A recent study into the feasibility of using data mining techniques to predict when machines are likely to break down has produced inconclusive results.
The study, started at the beginning of this year, involved Ford, the University of East Anglia and Lanner Group, a software developer. It was funded by Ford.
`Machine breakdowns happen more frequently than we would like and we wanted to see if data mining could establish patterns in machine failures,’ says John Ladbrook, European simulation technical specialist for Ford’s powertrain operations. `It was a new way of looking at our data.’
Ford already collects data from many of the machines in its factories. On its most recent lines, every machine is automatically monitored 24 hours-a-day. The monitoring system records the times when the machine is operating normally, when tools are being changed and when breakdowns occur.
By applying data mining, Ford and its partners hoped to identify patterns in the data. For example, it might have shown that a minor breakdown of one machine was regularly leading to a more serious breakdown of another.
For the feasibility study, a month’s data from Ford’s Spanish powertrain plant was used. Patterns were identified in the data but Ladbrook questions their usefulness.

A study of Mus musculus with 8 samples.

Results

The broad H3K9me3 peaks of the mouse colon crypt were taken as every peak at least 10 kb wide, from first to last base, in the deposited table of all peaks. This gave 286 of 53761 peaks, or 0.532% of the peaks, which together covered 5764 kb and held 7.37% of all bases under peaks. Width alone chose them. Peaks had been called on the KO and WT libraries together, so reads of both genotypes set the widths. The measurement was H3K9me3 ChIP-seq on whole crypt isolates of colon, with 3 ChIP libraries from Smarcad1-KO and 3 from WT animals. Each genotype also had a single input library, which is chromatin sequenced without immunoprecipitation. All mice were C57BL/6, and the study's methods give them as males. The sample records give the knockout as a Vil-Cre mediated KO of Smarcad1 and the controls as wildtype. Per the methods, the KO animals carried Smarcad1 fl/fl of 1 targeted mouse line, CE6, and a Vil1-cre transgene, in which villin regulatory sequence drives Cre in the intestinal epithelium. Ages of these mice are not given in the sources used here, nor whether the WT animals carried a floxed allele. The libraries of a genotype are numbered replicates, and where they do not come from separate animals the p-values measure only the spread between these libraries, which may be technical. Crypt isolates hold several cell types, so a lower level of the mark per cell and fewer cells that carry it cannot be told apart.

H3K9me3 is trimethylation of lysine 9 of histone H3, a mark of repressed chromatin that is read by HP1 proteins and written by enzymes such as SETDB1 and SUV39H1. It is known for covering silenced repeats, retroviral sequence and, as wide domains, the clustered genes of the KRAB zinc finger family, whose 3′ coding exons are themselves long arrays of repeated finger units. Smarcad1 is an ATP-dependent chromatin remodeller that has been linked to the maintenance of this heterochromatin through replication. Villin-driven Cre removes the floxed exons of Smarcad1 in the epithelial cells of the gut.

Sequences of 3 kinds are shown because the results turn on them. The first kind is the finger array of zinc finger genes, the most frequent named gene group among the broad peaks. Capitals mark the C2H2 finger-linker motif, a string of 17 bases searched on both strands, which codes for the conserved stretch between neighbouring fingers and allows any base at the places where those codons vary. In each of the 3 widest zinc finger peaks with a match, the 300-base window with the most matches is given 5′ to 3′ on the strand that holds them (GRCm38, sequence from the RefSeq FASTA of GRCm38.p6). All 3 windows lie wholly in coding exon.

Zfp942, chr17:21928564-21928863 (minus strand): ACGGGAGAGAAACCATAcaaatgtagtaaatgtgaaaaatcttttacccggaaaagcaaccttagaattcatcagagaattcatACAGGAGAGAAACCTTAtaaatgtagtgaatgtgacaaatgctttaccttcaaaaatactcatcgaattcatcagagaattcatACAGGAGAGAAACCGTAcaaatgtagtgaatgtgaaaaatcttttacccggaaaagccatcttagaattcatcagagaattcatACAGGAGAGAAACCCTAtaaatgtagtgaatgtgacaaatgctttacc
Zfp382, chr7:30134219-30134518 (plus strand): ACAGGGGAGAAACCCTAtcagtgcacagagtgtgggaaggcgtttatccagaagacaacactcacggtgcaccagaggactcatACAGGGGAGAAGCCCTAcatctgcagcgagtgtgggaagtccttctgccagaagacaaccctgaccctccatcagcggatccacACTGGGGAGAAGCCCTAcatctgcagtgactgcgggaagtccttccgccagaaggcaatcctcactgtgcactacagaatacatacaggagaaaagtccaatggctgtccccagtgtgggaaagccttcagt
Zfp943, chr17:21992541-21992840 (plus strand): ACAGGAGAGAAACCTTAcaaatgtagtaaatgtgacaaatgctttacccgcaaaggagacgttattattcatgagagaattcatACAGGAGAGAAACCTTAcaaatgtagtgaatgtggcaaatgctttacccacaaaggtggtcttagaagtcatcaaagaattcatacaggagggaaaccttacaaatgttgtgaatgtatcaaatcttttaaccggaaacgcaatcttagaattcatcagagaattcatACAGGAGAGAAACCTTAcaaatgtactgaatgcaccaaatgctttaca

`When machines break down they are repaired, which alters the patterns, so we would need to analyse the data on a regular basis to identify new patterns,’ he says. The useful life of a pattern, therefore, would be limited. `With data mining, I think you need reasonably stable conditions,’ he adds.
While the feasibility of using data mining to predict machine behaviour has not been proven to Ford’s satisfaction, the company has used other techniques to model breakdowns to predict behaviour of future production lines. This work was carried out by Ladbrook, using manufacturing process simulation technology.
`I used historical data about the breakdowns that occur on our existing powertrain plants and incorporated that into a model of a future line to try to predict how that line will behave,’ Ladbrook explains.
The main software used was Witness, also from Lanner, which is widely used by Ford. This software allows users to construct a computer model of a manufacturing process, simulate its functions and analyse its performance.